Review | Thaumistry

If you choose to follow the dark hallway to investigate the odd noise, go to page 47. If you choose to read about Thaumistry: In Charm’s Way, an entertaining new text-based RPG, read on.

Longer ago than I care to divulge, I found myself in my Junior High School library, looking for something different to read. I was a very voracious reader and I had read all the Judy Blume books, the Paula Danziger books, and the Tolkien and C.S. Lewis books our little library had. When I say I was a reader, I mean it was an obsession. It was then that I spotted something new sitting on top of the card catalog cabinet — a set of thin paperbacks with bold lettering. Choose Your Own Adventure books. There were maybe ten of them altogether and I had never heard of anything remotely like them. Soon, I would be practically addicted to navigating through them, trying to get the best endings.

ThaumistryBooks give way to the technological age.

Later on as my hobbies expanded to include computers, AOL introduced me to Legends of Terris. It was like a giant Choose Your Own Adventure with other people! Oh how times have changed. Graphics have taken center stage and one no longer needs to imagine the deeds of their intrepid heroes and heroines played out. It is all there in front us in 4k glory. It’s a marvelous time for gamers, but sometimes, a heart yearns for the simplicity of the past.

Enter Thaumistry: In Charm’s Way. Thaumistry is a text-based adventure game from the brilliant mind of award-winning writer Bob Bates. Even if you aren’t familiar with his name immediately, you have definitely heard of his work: FrontierVille, Spider-Man 3 and Empires and Allies, to name a few.

Needless to say, I was excited to get my hands on Thaumistry and dive in. I am very happy to report that my anticipation was well rewarded with this title.

Science, magic and financial investors?

In this adventure we fill the shoes of Eric Knight, a brilliant — albeit currently uninspired — inventor. His employer has given him a last-chance deadline to get his newest invention up and ready to use. That’s bad news, because frankly things are not falling into place for him. The good news, however, is that they have sent him some fresh-faced assistants to choose from in order to speed things along. What he gets instead of a new assistant is Jack, a very quirky man who about to open Eric’s eyes to his real potential.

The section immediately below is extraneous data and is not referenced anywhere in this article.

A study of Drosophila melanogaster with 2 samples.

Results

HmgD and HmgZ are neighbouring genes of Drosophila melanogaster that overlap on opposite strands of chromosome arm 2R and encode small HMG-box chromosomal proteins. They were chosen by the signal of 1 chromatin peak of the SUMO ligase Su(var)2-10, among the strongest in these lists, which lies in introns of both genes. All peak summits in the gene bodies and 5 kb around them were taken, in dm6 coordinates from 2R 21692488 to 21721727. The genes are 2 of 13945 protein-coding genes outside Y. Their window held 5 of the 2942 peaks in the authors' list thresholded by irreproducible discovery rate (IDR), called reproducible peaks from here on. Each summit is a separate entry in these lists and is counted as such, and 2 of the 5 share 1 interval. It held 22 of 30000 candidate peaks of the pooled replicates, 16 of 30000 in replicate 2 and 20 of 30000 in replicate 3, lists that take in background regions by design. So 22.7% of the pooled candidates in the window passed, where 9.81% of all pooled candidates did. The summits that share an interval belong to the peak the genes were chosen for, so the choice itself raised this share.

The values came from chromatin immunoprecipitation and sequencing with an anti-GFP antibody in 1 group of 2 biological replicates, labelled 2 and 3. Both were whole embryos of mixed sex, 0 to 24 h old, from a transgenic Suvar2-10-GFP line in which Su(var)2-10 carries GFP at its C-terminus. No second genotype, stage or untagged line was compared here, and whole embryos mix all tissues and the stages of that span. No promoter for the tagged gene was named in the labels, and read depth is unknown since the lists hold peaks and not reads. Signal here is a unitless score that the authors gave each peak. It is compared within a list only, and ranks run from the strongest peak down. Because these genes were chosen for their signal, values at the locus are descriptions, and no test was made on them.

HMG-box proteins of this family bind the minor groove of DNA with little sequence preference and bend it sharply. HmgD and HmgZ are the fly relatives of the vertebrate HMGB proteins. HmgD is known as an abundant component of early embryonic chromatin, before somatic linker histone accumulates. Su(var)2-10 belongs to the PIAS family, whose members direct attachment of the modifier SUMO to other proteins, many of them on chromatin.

I don’t want to go too much further into the story because it really is full of well-written characters, strange situations and challenging puzzles. I am loathe to spoil even a second of what is in store for you. Let me just say there are magic spells, intrigue, bad guys and even an invisible dog.


No bells and whistles needed.

The mechanics of Thaumistry are very simple, obviously, this being a text-based adventure. Each scene is described as you enter the area. It’s up to you to carefully read the text and tell the game what you want Eric to do. Type in “look out the window” and if there is a window, Eric will look out of it and the text will describe what he sees. It seems simple enough, but any writer can tell you that the level of detail involved in coming up with a game like this is mind-boggling. There are countless Easter eggs hidden for the player to find depending on what they type.

Your objective is to successfully navigate the situations Eric comes across and figure out the best way to proceed. Each person and environment has the potential to be part of the puzzle. It’s not easy, by any means. I am about nine hours in and I would guess about halfway through the main part of the story. Luckily for me, there is a hint option that a person can use if they get too stuck. The hints are even arranged in a spoiler-free order so you can get as little or as much help as you need without giving away parts of the story. I appreciated this immensely! I was able to get through a trickier puzzle without feeling as if I had the answer handed to me.

Graphically, Thaumistry: In Charm’s Way is simple. It needn’t be too complex, of course, but there are some very handy additions to the text on your screen. Typing “Map” gives you a map of where you are and shows you where you have yet to explore. You do have the option to change the fonts and sizes of the text in the game and it is compatible with screen readers.Thaumistry is bursting with personality and charm. What it lacks in 4k resolution and orchestral soundtracks it makes up for with humor and excellent characters. The details are so easy to imagine thanks to the excellent writing and I felt as immersed as I would have been playing the newest Playstation or Xbox One RPG offering.

Available on Steam and through the game’s website, I strongly recommend you pick up Thaumistry and play it for yourself. It has Steam achievements and is compatible with Windows, iOS and Linux. As for me, I’m still stuck in a time paradox at the Quantum Leaps Booth. I had better get back to my adventure.